Thursday, April 19, 2012

2 Month Anniversary and Thoughts on Older Child Adoption

We have been a family of 6 for 2 months now. In some ways, Kofi and Agyeiwaa are learning so many new things every day. In many other ways, they are so comfortable in our daily routine and are truly thriving. It's still strange to be on the other side of the adoption journey, as so much of my time and energy in the last year was spent on longing for them and walking through the steps that would ultimately bring them to our family.Now the focus has shifted on healing and bringing together four siblings that were strangers just 60 days ago.
 Three little ones who have so much fun together

I have had a few friends ask me about the experience of adopting a child that is not a newborn/baby. In theory, many view infants as a blank slate and assume that attachment issues are not an...issue. While this may be true with some babies, I would never assume that any child going through a painful separation from a birth parent can be just "plopped" into a new family. Stress during pregnancy and changes in caregivers are significant events in an infant. Attachment work is necessary in ALL adoptions, IMHO.

Anyway, I can only speak from my experience (naturally) but for our family adopting a preschooler and a 6 year old child has been the biggest blessing. Our children are able to express to us about their life in Ghana, they verbalize their grief and we truly live their experiences with them knowing what is going on. After 2 months, we get to witness our children trusting us more, their affection changing from something they "should do" to something they want to do. The attachment process is a fascinating two way communication that we experience every day. The night time prayers reflect their hearts so beautifully. And to see our son realize that it is ok for him to talk about his first family and that we love them as family too, gives me such hope for the future. Our family has expanded not only by 2 children, but their extended families as well.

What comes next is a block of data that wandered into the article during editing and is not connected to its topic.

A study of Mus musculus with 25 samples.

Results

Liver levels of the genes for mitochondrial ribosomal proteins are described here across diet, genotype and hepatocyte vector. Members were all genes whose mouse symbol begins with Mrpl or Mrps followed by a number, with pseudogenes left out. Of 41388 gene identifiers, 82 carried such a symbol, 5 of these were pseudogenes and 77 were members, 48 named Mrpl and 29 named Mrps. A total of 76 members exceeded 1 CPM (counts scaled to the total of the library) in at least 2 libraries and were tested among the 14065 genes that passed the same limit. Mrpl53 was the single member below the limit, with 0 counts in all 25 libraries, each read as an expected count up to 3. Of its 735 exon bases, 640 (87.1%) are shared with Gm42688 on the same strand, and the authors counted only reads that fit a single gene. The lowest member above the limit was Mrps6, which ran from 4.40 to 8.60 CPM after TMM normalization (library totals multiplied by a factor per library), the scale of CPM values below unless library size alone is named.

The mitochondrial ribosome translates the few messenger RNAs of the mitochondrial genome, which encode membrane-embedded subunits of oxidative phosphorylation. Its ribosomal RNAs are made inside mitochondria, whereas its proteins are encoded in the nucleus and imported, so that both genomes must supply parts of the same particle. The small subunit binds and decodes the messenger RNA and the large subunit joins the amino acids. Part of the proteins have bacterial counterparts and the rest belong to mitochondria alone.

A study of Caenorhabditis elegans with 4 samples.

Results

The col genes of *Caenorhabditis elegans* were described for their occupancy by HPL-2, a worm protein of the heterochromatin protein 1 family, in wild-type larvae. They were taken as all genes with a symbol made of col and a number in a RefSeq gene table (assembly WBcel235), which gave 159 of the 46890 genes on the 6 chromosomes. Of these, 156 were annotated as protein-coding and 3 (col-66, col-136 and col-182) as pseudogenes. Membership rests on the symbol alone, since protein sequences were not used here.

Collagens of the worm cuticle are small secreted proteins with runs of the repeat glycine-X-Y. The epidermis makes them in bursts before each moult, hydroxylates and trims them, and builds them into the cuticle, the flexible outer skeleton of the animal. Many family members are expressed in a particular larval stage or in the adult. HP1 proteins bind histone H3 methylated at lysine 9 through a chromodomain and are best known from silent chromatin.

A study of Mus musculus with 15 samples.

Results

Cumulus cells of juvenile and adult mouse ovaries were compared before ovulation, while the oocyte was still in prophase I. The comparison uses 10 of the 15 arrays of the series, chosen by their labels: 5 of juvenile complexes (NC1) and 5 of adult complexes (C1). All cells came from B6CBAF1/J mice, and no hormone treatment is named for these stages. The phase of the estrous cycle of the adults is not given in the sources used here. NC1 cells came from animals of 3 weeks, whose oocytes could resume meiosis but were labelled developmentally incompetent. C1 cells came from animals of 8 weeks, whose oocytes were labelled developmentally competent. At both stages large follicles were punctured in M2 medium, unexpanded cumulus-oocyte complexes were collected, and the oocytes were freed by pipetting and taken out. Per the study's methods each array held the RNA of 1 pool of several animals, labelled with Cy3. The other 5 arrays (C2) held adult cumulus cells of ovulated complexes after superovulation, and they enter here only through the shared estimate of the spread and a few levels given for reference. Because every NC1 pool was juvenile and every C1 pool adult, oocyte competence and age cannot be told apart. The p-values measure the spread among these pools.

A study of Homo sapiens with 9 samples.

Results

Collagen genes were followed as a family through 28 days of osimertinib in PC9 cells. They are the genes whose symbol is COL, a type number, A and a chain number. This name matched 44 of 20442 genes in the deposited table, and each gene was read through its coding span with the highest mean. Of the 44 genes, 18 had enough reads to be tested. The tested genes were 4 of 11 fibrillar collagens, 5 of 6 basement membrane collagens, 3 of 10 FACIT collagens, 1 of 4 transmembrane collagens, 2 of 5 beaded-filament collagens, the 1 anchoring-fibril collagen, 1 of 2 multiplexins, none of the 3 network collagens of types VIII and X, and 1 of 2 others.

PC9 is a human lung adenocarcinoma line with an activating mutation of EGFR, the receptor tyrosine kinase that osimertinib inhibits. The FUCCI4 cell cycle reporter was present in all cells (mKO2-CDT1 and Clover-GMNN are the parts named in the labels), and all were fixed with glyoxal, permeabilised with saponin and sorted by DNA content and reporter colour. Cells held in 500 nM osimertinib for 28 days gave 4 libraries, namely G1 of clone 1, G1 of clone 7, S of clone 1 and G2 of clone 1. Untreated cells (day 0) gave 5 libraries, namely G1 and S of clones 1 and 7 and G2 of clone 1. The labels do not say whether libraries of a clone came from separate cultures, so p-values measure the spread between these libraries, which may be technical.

Another aspect of older child adoption that I didn't think about initially is blending two cultures. Or in my family, blending three cultures. This goes beyond celebrating major holidays or parent-lead activities to teach a child about their culture. My children are Ghanaian, they have the mannerisms and customs of a child who has grown up in Ghana. They are teaching us about Ghana, about their life, cooking, dancing, customs and national pride. The way Agyeiwaa cares for her baby dolls is the way she has seen mothers, even her mother, take care or babies in Ghana. The way Kofi carries items on his head, is the same way he would carry water multiple times a day in his village. We would have never experienced these wonderful moments if we hadn't said "yes" to an older child.  And after meeting children in the orphanages that are 8, 10, even 13 years old, I wouldn't hesitate to adopt a child in that age range.

 Agyeiwaa loves carrying her baby dolls like women do in Ghana

One common thread in Ghanaian adoptions is that the children were loved by their first families. They were nursed, carried on their mothers' backs, bonded and attached to their families, therefore they will learn to attach to and love their adoptive families as well. Babies are rarely placed for adoption in Ghana (or young toddlers for that matter) as mothers will care for them as long as they can nurse them. I see this as the great strength of the adoption program Ghana and it is the reason the children are thriving in new families. There is grief, and we see it every day. But we also see a wonderful bonding taking place. God is good!

Adopting children in this age range can feel scary for anyone who has a vision of adopting a newborn. But our family is blessed to have two sons that are practically twins and our daughter who keeps everyone in line:) I would absolutely do it again, and who knows, we may do it again...

 Sisters who share such a special bond!


  1. ooohh, I like that last line!!! :0)

  2. It's great to hear that things are going so well for you. Also good to hear that most Ghanian children are well-cared for. Our Ethiopian daughter was and that was a huge benefit to our attachment process. I will learn a lot about Ghana from you! It's neat that they can tell you about their life in Ghana. Even though Grace was 4, she didn't tell us much. Maybe because she didn't speak English, and then a lot of it was forgotten. Anyway, very happy for you!